BORIS bikes, bike banks and major international cycling events are ideas set to feature in a 10-year plan for how Yorkshire will build on its hosting of the Tour de France next year.
Councils across the region are working with Welcome to Yorkshire, the body organising next year’s event, to make sure the interest it generates in cycling has long-term benefits.
Ideas on the table include creating schemes similar to the one in London where people can pick up a bike from one part of a town or city and drop it off elsewhere.Rge machines have become known as “Boris bikes” after London mayor and cycling enthusiast Boris Johnson.
There are parallel plans being developed to create a series of bike banks which would operate in a similar way to libraries and allow people to borrow cycles for a set period of time.
Discussions are also taking place over improving the network of cycle routes in the region and making sure they are properly mapped.
Work on how councils build on the Grand Départ is being led by York Council chief executive Kersten England.
She said: “We want more people cycling more often. By that we mean cycling for leisure, taking part in events, but also utility cycling which means using it as your main mode of transport.
“We are already seeing raised levels of participation in cycling. The trick is to keep that going through the Tour and beyond the Tour. We will be the first region in the country to develop a cycling strategy.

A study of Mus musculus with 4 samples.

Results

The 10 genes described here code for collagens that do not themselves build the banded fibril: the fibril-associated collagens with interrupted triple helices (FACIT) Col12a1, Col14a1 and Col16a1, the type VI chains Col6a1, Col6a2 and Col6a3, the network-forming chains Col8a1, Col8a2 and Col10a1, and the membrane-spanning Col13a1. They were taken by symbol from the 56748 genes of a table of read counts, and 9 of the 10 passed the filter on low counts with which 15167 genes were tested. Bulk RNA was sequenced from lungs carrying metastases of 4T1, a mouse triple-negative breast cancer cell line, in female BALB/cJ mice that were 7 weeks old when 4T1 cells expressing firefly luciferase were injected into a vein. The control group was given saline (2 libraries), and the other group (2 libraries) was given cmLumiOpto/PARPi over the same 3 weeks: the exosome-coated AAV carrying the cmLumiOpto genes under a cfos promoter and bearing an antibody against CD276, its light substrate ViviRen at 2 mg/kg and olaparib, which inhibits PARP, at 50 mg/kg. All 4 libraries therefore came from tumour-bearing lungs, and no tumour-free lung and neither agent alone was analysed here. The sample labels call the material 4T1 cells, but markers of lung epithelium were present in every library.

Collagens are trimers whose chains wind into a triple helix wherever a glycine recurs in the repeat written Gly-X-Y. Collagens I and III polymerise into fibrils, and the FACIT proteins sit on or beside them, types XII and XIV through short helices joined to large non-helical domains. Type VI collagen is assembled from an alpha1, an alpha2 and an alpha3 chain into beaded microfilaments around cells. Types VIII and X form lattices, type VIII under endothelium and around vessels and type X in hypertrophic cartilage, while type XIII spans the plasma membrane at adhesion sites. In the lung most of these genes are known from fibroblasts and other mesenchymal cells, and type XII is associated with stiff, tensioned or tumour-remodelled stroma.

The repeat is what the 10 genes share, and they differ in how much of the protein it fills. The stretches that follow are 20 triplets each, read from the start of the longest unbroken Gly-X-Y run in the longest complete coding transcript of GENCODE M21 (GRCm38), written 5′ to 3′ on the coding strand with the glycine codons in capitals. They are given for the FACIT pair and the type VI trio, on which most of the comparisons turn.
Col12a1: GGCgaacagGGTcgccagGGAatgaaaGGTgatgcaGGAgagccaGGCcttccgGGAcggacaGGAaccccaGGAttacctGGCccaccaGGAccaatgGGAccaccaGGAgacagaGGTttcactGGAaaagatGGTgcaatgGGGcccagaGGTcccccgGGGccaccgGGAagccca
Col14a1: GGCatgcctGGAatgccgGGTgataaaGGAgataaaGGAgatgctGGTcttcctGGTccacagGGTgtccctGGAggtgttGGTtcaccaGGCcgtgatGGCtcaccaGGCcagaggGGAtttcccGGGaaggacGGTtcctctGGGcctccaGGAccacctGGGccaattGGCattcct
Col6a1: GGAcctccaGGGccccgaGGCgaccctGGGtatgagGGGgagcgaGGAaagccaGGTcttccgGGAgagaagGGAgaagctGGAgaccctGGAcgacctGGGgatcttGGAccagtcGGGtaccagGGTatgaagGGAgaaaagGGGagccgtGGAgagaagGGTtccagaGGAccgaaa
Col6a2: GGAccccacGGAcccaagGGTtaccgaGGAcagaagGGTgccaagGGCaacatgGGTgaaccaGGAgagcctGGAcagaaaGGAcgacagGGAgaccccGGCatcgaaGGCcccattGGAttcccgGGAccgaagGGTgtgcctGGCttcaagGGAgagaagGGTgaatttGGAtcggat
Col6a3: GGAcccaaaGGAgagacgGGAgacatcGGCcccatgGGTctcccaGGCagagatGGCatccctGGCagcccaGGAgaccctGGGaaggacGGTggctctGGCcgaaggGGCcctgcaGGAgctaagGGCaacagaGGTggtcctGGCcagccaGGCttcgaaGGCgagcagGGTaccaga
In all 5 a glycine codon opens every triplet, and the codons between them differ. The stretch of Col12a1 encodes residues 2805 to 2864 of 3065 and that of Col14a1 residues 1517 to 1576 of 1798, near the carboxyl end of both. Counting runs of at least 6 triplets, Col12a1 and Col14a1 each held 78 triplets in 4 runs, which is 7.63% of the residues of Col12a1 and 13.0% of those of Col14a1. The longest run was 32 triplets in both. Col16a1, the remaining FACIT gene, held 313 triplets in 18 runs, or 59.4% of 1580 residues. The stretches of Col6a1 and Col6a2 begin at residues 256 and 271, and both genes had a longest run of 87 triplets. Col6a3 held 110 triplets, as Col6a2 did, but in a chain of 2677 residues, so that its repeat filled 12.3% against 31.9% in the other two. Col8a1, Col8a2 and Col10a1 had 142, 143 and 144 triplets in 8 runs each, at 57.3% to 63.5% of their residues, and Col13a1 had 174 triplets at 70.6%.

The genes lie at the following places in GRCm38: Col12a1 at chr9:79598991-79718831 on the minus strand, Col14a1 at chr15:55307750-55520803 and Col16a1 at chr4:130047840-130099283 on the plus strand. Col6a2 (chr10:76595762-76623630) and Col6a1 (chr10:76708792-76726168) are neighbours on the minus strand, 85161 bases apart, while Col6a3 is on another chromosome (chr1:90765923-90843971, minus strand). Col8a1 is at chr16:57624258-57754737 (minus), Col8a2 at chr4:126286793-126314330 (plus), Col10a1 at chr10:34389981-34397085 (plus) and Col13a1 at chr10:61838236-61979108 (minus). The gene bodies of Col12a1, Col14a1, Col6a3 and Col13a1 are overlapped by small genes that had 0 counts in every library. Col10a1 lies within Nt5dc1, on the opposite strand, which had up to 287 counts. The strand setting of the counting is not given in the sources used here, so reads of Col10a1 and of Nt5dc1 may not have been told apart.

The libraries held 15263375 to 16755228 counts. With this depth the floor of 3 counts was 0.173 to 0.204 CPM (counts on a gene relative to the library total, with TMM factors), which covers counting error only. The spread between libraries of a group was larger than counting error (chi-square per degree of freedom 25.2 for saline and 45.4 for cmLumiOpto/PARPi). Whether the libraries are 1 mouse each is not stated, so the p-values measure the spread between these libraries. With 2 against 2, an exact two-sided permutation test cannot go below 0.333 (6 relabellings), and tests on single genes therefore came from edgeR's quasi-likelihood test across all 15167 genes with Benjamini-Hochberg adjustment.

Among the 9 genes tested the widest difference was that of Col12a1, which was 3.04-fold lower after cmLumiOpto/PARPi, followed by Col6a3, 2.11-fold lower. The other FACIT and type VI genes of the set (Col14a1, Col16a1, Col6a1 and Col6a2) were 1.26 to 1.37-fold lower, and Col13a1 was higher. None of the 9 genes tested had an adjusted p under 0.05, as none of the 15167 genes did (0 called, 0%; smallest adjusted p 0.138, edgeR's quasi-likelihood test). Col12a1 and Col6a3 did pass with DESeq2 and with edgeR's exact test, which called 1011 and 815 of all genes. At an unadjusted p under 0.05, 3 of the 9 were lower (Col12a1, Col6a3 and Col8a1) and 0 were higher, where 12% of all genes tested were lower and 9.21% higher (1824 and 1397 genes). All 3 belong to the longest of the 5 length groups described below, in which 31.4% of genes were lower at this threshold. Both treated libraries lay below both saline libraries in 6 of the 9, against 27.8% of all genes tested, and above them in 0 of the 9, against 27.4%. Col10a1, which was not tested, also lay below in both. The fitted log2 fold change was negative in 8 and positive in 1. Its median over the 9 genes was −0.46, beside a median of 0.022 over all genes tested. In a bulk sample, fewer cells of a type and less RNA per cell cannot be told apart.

“The benefits are absolutely about the health of people, about making our transport networks work better but we would also like to produce the next Mark Cavendish.
“There’s a lot to do but this is a 10-year commitment.”
Ms England said that while there was a strong cycling culture in areas such as York that was not the same in other parts of the region and investments would be made in improving cycle routes to give more people confidence in it as a safe method of travel.
Work will be done with businesses to encourage more of their staff to cycle to work.
Talks are also already underway over expanding the number of mass participation cycling events such as Sky Ride and working with cycling’s governing bodies to host further elite races.
Establishing Yorkshire as a cycling-friendly region could also have benefits for the tourism industry.
Efforts will also go into bringing together the many, often small, cycling firms in the region to find ways of growing their businesses by helping them to work more closely together.
Welcome to Yorkshire chief executive Gary Verity said: “One of things that has always been important is the legacy, both in the lead up to the race and beyond the race. We want to make Yorkshire the European capital of cycling.
“This isn’t just a one-off, there are other international races we want to see happening in Yorkshire and we want to see more people cycling at all levels.”
Mr Verity said London had seen a huge rise in interest in cycling when it hosted the Grand Départ in 2007.
He pointed to the creation of a network of bike banks across the region as one of the key elements he hoped to emerge from the Tour de France legacy.
“We want to be the first place in the world where every child has access to a bike no matter what their background.
“We think it is aspirational, we think it is do-able and we would hope to launch the first of those in a city in Yorkshire by the end of this summer.
“We want the next Lizzie Armitstead or Mark Cavendish to have a go and maybe the fact they have borrowed a bike might just inspire them to bigger things.”
The precise details about how the bike banks would work is still being ironed out.
However, it is envisaged that Yorkshire residents would be encouraged to donate disused bikes to the banks run by bodies including local authorities or schools and colleges.
The bikes would be refurbished and then loaned out over a fixed period in a similar manner to the way libraries operate.